Abstract 513: Impaired Hemodynamic Response to Head up Tilt in Adolescents Presenting with Chronic Nausea and Orthostatic Intolerance
We previously reported that ~70% of adolescents presenting to a Pediatric GI clinic for chronic nausea exhibit orthostatic intolerance (OI) in response to head upright tilt testing (HUT). The objective of this study was to determine whether supine mean arterial pressure or hemodynamic responses to HUT differ in these patients. Forty-eight patients (mean age of 15 [10-18] years, 36 females) completed a 45 minutes 0 to 70° HUT. Continuous blood pressure and heart rate recordings were acquired using non-invasive finger cuff. Thirteen subjects had normal tilt (Normal) while thirty five demonstrated OI. There were no differences between the two groups in supine blood pressures (BP), baroreflex sensitivity measured by frequency method in HF range (BRS), heart rate variability (HRV) measured as the root of mean square of successive differences (rMSSD), blood pressure variability (BPV) measured as standard deviation of mean arterial pressure (SDMAP) or the sympathovagal balance measure LFRRI/HFRRI. HUT caused a greater increase in heart rate in OI group (from 71 ± 6 beats/min to 104 ± 4 in OI vs from 75 ± 3 to 95 ±3 in normal, p=0.01) which was accompanied with lesser increase in BP (mainly due to lack of increase in diastolic) in the OI group. There was a trend for greater reduction in BRS in OI subjects (from 28.5 ± 13 ms/mm Hg to 6.3 ± 0.8 in OI vs from 21.1 ± 3.6 to 12.0 ± 2.9 in normal, p=0.09). HUT impaired HRV in both groups compared to supine values but the reduction was greater in OI group (-66.7 ± 4 % vs -52.0 ±5.6 in normal, p=<0.001). SDMAP increased by HUT compared to supine but to a greater extent in OI (40.6 ± 4 % vs 13.4 ± 8 in normal, p=0.02). LFRRI/HFRRI increased to a greater magnitude in OI group with HUT (from 1.8 ± 0.8 to 6.8 ± 0.8 in OI vs from 1.14 ± 0.18 to 4.1 ±0.7 in normal, p=0.02). These data reveal that the adolescents with orthostatic intolerance have attenuated parasympathetic responses and exaggerated activation of the sympathetic system to the heart and blood vessels. Despite these responses, subjects fail to maintain BP. Similar to previous studies in other subjects with OI, the excessive tachycardia often followed by syncope in most of these adolescents may reflect a loss of vascular responses to the activation of sympathetic and neurohumoral stimuli. Support: AHA12CRP9420029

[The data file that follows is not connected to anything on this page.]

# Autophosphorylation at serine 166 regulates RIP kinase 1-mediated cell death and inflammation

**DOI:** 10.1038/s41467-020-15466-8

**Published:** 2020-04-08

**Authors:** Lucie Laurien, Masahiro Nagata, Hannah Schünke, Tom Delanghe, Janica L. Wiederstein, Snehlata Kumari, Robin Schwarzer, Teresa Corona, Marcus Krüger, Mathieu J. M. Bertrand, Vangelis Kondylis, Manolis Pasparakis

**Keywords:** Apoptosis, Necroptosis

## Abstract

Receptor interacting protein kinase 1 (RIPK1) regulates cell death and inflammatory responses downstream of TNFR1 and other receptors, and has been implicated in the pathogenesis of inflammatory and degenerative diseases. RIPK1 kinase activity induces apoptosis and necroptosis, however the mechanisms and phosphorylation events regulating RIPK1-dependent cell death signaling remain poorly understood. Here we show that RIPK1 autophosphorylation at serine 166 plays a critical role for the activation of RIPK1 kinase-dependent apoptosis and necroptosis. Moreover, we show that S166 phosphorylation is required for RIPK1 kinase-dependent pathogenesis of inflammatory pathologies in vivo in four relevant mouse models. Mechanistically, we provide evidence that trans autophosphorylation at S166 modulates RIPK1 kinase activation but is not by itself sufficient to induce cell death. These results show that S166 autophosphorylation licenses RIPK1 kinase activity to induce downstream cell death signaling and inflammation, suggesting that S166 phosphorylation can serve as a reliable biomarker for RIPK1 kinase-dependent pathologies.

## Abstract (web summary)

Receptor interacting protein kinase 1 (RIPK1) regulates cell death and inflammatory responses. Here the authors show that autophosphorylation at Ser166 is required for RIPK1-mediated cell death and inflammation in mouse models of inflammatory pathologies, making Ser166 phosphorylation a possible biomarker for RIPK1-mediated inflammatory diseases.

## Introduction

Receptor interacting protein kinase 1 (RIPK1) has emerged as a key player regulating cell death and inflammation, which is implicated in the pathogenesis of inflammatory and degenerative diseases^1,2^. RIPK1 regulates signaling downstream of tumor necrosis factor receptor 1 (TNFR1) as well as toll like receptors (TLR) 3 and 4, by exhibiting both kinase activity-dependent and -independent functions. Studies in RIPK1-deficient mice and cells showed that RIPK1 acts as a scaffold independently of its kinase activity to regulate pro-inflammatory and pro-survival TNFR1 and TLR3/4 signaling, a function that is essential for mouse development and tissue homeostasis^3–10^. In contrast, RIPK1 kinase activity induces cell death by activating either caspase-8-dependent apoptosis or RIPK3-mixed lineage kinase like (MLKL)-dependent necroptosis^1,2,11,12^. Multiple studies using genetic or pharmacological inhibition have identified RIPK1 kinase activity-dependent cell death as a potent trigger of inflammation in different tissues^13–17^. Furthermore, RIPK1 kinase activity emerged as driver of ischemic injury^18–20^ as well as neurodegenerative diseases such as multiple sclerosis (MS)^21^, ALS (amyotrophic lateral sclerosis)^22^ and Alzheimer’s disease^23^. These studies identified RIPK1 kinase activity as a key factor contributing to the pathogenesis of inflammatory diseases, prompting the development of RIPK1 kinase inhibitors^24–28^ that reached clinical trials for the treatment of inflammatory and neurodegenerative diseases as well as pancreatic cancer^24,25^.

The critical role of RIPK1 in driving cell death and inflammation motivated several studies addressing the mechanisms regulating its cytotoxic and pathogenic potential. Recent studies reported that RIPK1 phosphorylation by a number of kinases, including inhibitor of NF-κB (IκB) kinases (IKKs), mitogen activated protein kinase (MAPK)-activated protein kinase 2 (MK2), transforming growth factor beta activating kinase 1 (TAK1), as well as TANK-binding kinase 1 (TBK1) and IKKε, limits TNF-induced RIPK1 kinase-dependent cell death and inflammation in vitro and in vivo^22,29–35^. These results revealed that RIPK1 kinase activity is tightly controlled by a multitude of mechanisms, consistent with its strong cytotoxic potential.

Author Disclosures: H.A. Shaltout: None. A.L. Wagoner: None. J.E. Fortunato: None. D.I. Diz: None.
This research has received full or partial funding support from the American Heart Association, Mid-Atlantic Affiliate (Maryland, North Carolina, South Carolina, Virginia & Washington, DC).
- © 2014 by American Heart Association, Inc.